I Wish I Had Known: Residency Study Advice

Dermatology residency is a marathon, not a sprint, you have three years to learn the material and though it is quite a large volume, it is do-able.

As a first year dermatology resident, you will be completely overwhelmed with the pure volume of material you need to know. First year, read Bolognia, it is long and you will hate reading it some weeks, but it will provide you with an excellent foundation. Your residency will likely have a textbook schedule, try to stick to it as best you can. As you read and go to lecture, pick one notebook/book where you will write all of your high yield facts. The Derm In-Review study guide and website is a great study system and you can update it every year. It is difficult at first to determine what is high-yield but if someone says this is good to know or you feel like it is an important fact write it in your little book. You will get the hang of picking out what is important and if you write too much you will figure out a way to expand your notes so, don’t stress out about the factoid being high yield enough. This way you have all of your high yield notes in one place. This book will become the most important thing to you as your residency goes along.

You will be very happy you did as a second year.

As a second year, I would recommend reading Andrews, it is full of wonderful pearls and you are able to build on the foundation that you created with Bolognia. This is the best time to read Andrews because third year will be extremely busy. Additionally, reviewing Spitz and Wolverton are recommended. Then third year, all you need to do is review and focus on the boards which consists of looking at as many kodachromes as possible – the  Krazy Kodachromes tool on the Dermatology In-Review website are excellent study tools for this – doing as many questions you can get your hands on, going over path glass slides and using the virtual atlases and then reviewing your notes in your high yield book by making flash cards or whatever works for you. There are also many high yield board review courses that are definitely worth going to, at least one. Each year, it is recommended to attend the 60 dermatopathology timed slide review at the American Academy of Dermatology.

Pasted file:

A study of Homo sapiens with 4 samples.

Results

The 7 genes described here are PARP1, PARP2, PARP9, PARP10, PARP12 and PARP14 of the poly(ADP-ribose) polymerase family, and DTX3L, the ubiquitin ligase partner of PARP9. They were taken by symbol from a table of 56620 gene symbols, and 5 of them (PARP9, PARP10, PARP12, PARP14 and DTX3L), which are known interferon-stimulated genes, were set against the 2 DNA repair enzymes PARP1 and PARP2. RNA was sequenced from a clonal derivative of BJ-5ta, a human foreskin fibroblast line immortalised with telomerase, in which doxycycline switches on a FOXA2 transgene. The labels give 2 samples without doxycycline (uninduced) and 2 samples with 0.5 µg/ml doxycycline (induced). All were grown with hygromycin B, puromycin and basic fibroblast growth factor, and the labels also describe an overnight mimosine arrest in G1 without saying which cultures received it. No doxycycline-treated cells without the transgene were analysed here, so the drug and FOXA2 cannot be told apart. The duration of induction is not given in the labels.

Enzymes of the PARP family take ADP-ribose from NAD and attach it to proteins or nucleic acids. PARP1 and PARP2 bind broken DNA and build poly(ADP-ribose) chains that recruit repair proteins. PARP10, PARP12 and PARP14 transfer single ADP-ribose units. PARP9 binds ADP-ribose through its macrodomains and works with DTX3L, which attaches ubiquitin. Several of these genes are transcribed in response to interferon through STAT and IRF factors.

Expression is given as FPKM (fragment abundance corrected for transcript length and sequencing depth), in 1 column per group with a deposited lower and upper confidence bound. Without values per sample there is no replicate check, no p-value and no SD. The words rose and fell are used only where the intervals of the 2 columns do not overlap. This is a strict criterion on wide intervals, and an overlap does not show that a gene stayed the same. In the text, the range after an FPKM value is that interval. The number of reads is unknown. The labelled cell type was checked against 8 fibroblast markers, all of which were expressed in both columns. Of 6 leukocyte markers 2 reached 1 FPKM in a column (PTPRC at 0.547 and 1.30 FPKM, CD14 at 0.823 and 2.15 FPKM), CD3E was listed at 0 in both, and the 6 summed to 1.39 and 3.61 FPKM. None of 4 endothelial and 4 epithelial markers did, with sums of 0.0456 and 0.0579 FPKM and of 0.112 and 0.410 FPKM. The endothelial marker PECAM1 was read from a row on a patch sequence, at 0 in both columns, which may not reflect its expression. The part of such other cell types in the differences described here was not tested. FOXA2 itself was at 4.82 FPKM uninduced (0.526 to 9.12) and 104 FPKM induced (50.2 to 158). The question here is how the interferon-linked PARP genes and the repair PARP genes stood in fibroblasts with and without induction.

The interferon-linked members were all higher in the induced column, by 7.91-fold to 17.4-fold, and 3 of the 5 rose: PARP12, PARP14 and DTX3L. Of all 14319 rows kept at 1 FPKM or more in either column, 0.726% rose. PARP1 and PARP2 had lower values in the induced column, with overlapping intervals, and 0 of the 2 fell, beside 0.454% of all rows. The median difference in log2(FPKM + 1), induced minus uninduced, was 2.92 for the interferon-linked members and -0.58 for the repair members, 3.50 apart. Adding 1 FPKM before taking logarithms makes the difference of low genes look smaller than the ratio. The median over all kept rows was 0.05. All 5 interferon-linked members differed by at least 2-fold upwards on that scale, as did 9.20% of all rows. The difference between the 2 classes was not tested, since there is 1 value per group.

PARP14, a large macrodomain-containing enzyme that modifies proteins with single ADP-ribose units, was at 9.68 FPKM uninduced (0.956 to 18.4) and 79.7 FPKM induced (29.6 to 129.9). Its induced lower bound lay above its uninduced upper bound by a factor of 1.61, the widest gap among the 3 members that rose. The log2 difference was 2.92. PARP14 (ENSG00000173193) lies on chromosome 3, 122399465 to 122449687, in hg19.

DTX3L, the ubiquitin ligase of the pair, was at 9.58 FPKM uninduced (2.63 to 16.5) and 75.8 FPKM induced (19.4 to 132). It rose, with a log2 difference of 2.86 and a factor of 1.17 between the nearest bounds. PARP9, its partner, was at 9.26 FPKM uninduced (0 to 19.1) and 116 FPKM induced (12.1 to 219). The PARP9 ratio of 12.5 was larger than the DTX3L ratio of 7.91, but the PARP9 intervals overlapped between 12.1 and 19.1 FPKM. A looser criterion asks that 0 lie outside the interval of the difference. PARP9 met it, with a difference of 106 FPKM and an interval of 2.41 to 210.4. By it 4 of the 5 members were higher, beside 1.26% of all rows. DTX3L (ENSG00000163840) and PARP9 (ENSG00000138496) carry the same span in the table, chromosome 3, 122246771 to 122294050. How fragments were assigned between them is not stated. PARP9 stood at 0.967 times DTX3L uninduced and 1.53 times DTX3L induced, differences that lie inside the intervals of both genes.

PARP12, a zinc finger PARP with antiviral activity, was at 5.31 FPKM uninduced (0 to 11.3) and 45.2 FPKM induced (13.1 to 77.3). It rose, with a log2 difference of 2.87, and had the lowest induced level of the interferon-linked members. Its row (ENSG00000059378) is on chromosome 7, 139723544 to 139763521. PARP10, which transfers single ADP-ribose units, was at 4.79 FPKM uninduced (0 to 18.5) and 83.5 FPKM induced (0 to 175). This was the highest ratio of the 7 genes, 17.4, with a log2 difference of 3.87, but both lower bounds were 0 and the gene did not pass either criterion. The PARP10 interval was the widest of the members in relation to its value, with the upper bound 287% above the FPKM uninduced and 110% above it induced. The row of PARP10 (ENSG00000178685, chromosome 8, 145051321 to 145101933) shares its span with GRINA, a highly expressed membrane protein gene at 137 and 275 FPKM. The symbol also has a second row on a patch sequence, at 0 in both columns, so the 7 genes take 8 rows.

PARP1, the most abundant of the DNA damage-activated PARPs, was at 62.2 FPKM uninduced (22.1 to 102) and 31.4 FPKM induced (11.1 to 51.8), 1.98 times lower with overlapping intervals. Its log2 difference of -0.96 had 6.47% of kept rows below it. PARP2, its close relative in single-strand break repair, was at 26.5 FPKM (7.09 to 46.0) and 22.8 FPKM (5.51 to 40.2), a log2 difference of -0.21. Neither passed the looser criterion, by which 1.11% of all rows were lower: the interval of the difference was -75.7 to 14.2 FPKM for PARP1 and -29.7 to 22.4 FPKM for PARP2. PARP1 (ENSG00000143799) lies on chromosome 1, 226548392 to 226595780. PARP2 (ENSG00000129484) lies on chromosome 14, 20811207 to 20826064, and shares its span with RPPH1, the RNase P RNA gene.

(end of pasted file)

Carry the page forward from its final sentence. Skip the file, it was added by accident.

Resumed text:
It is amazing how fast third year flies by so it is very important that you have prepared yourself during the first two years of residency. Third year is so busy. Because you are interviewing for fellowship or jobs, you are negotiating a contract. You are moving to your new location, you are trying to finish your resident research project and get all those papers final submitted. Believe me there are about a million different things that will eat away at your time during third year.

Lastly, as a first year you definitely need to save money to be able to afford third year. Third year is extremely expensive between paying for the boards, $2500 to register, $250 for hotel and $500 to fly. Review courses-even if you only go to one it will likely be $1000 all in all, and then add in moving, licensing, license registration and DEA costs. The amount of “extra” money you will need is extraordinary. Unless you know to save for it you may be stuck eating peanuts all of third year because they are all required costs.

Food for thought…

Done with residency? Now what? Read up here.